Wild Cards IV: Aces Abroad
I've been talking about this one to anybody who will listen over the past week, and I've really been looking forward to reviewing it. I liked the first three books well enough (especially the first), but this one stands head and shoulders above them all. Aces Abroad contains everything I was hoping to see more of in this series, and mixes it in with scenes of stunning beauty and bone-chilling fear.
So let's talk about some of the aspects that make this one so dang good.
The premise: In the aftermath of the 1986 Wild Card Day, the UN and WHO sponsor a round-the-world trip for several hand-picked delegates of nats, aces and even jokers. The mission: to learn about how the Wild Card virus is affecting countries the world over, and how the virus is being treated and what conditions the survivors live in.
This fact-finding team is composed of politicians like Senator Gregg Hartman, members of the press, celebrity aces such as Peregrine, Golden Boy and Hiram Worchester, and even some well-known jokers like Chrysalis and Xavier Desmond. Oh, and of course Dr. Tachyon himself is tagging along. This collection of delegates is nicknamed the Stacked Deck, a pleasing continuation of the card game nomenclature these authors so love. They (and thus, we) get to step away from Manhattan for an overdue look at the rest of the world.
And let me tell you, the combination of viewpoints here is wonderful. Each character gets sufficient time to shine, with sometimes shocking results. And during the whole 5-month trip, we watch the team travel through dozens of countries on every continent, each one facing it's own myriad issues regarding the virus, or simply the regular political upheavals that plague every decade. Chrysalis serves as a viewpoint into a terrifying mystery on poverty-stricken Haiti. Peregrine comes into her own as a protagonist in Egypt, Golden Boy and Tachyon confront their past in Paris. Both old characters and new give us insight into places such as Guatemala, Australia, Japan and the USSR. And because I am reading the 2010 reprint, there are two additional stories featuring Troll and in Peru and Lady Black in Prague, both of which I enjoyed.
And woven throughout this already epic tapestry are subplots that just don't let the reader go. One is a series of journal entries written by Xavier Desmond, the aging and ailing "Mayor of Jokertown". Desmond's chronicling of the events of the journey (written by GRRM) serve as the main recurring thread through the story, planting us deeper in the characters heads than has ever been done before in Wild Cards. Another such gripping subplot is that of Senator Gregg Hartmann, who centered in a particularly violent story from the first book, and has now returned to much acclaim. This character is almost as well-written as Xavier Desmond, which is saying quite a lot, and his entries build upon the political stories of past books while setting up for a future book I hope to get to soon. The above two threads are probably the strongest in the book.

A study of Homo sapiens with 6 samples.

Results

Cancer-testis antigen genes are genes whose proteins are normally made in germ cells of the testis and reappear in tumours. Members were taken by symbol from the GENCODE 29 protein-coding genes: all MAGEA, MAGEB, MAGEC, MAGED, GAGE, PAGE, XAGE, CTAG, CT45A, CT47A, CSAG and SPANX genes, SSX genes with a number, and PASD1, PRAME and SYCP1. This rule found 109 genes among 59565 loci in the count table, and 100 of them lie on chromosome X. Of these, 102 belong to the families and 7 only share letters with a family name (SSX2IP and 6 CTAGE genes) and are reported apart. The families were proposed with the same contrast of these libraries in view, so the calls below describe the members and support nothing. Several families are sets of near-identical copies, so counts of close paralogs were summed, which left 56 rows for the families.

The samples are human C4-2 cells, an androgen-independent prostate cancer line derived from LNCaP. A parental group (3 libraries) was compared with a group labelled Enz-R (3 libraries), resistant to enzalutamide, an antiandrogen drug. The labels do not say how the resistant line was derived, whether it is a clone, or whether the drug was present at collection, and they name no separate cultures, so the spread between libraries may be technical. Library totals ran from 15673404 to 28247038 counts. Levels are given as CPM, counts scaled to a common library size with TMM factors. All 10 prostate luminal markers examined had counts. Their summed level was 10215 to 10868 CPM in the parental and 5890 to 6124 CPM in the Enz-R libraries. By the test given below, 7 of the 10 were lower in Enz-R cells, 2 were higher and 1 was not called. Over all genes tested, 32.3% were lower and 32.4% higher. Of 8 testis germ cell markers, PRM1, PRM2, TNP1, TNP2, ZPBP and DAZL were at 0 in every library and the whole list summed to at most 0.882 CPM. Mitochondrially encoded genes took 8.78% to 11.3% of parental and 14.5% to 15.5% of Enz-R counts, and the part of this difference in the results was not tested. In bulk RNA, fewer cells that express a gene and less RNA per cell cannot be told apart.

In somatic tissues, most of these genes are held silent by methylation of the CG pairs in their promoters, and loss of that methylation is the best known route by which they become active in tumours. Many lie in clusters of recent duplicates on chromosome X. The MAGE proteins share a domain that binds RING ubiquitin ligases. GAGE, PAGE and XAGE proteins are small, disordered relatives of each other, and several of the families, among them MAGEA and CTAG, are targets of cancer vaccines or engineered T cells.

If that all sounds chaotic and hectic, it's only because I fail to describe it well. Aces Abroad is full of action but without being overwhelming, offers non-stop thrills while somehow giving characters more room to grow than the previous books. The antagonists are terrifying but intriguing. We see how the entire world is handling not only the presence of aces and jokers but also the arrival of the delegates themselves. And just as importantly as all that, we finally get our Joker perspectives, in a deeper and stronger way than I could have predicted. Jokers feature in this book as prominently as aces and Tachyon himself.
All that praise, and yet I can't seem to find any complaints with this book. I'm not sure if there was a single page I didn't enjoy. Perhaps there are a couple stories that didn't really tie into the rest in a meaningful way... but that's simply the pattern of Wild Cards, we can expect these story arcs to intersect and clash in the next couple installments.
What a fun read. Aces Abroad is beautiful, intelligent, frightening, and highly ambitious. It is all these things and more, in a way that the first three books in the series were not. However, the sheer humanity and relevance in this book does mirror that which I found in the first Wild Cards, so I feel like things have come full circle in a satisfying way (even though I know this ride is just beginning). Of course, Wild Cards doesn't even deign to approach the scale and scope of ASOIAF, for example... but Aces Abroad gets the closest.
Well, I've caught up to the 2010 Tor reprinting run. Wild Cards V: Down and Dirty does not get it's reprint out until October, so I'll have to look to older editions. It may take a bit of time to get around to it, but I'm particularly excited for the next two books because I have a bit of an idea of what they will be about just by reading the titles...
The snowflakes are melting in your hair.
There are ghosts everywhere. We carry them with us wherever we go.